Digital format, 14/07/2020, Cross-generation roundtable

The pandemic has unmasked the fragility of our self-assured, globalized, skill-savvy world. Even the most economically advanced countries’ primary response to this unknown virus was a low-tech social distancing, which has necessarily foregrounded the limitations of human action and knowledge.  The Socratic paradox “I know that I do not know” encourages the kind of continuing fortification of basic research that calls for increased funding from the Italian government.

A high level of inequality both domestically and between nations has emerged as the result of the constraints imposed by the health crisis. In some families, parents have been able to work from home and children to go to school on-line; in others, young and old alike have been doomed to isolation for lack of the proper equipment. The economic crisis could further widen this technological gap.

Confronted with such challenges, generative resilience could be the conceptual and practical key to a new development model. Rediscovery of the fundamental value of individual action to halt the spread of the virus can supply impetus to plans for what post-pandemic steps are going to have to be taken.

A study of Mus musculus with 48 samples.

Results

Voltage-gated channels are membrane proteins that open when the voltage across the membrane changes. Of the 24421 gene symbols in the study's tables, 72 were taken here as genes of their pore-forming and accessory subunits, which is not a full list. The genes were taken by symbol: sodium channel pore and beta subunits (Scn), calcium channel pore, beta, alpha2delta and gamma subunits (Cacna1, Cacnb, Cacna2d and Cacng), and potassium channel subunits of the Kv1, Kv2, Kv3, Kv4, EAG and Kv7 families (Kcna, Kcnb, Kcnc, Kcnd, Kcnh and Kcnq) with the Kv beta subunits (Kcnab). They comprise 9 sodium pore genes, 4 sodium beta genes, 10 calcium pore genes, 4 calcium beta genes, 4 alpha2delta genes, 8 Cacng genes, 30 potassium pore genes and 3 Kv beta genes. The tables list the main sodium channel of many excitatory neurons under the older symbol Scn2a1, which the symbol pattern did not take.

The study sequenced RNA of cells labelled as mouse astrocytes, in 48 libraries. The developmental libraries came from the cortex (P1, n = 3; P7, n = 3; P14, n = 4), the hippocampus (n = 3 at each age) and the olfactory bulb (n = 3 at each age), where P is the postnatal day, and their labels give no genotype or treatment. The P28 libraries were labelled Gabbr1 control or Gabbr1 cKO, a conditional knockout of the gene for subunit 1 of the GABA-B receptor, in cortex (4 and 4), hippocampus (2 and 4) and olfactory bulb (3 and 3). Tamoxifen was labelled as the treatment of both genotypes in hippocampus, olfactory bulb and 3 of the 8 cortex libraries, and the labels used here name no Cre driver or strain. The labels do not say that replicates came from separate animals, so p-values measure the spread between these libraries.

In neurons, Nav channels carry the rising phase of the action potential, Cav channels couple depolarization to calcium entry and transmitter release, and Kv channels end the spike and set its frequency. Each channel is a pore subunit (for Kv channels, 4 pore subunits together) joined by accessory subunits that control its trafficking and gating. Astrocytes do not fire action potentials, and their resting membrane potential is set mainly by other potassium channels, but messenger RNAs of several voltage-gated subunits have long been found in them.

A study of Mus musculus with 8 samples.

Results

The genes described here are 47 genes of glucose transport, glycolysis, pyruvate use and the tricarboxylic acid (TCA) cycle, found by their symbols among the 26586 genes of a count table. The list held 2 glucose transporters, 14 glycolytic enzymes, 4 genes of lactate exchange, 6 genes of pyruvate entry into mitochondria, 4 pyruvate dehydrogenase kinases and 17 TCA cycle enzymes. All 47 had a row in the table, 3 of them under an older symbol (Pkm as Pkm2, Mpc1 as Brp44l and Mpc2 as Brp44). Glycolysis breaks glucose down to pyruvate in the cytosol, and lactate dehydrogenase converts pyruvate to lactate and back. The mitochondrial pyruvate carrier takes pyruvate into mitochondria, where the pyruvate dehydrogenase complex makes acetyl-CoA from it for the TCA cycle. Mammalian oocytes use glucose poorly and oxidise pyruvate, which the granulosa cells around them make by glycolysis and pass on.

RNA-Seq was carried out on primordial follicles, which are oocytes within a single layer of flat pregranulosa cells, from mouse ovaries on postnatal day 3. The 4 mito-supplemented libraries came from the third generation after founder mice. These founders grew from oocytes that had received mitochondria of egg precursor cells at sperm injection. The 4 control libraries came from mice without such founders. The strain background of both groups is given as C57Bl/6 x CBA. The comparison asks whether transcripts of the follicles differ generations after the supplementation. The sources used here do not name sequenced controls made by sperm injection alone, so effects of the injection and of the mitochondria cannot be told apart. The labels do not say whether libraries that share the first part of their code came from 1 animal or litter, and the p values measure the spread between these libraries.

Generative here refers not only to people, but also to governments and lawmakers. Institutions must be transformed into the midwives of civil society, giving birth to the energies that will support horizontal subsidiarity.

Among the pandemic’s effects, expansion of the digital space is an aspect capable of contributing to a new model for the future. In many companies, the gradual adoption of distance-working programs has been sped up, given the urgency of the situation, and the positive results are an encouragement to accept it now as usual practice – with due moderation to avoid the risk of social alienation.

Intergenerational impartiality is going to be a crucial element in drafting proposals for a future society. Young people, especially Italians, often feel “transparent”, sidelined by a legal, social and economic system that preserves the accumulated privileges of previous generations. The pandemic places this image in painful contrast with that of the fate of elderly, even more invisible virus victims – many of whom lost their lives due to scarce hospital resources – and begs reflection on those channels of wealth that exclude entire segments of the population across all generations.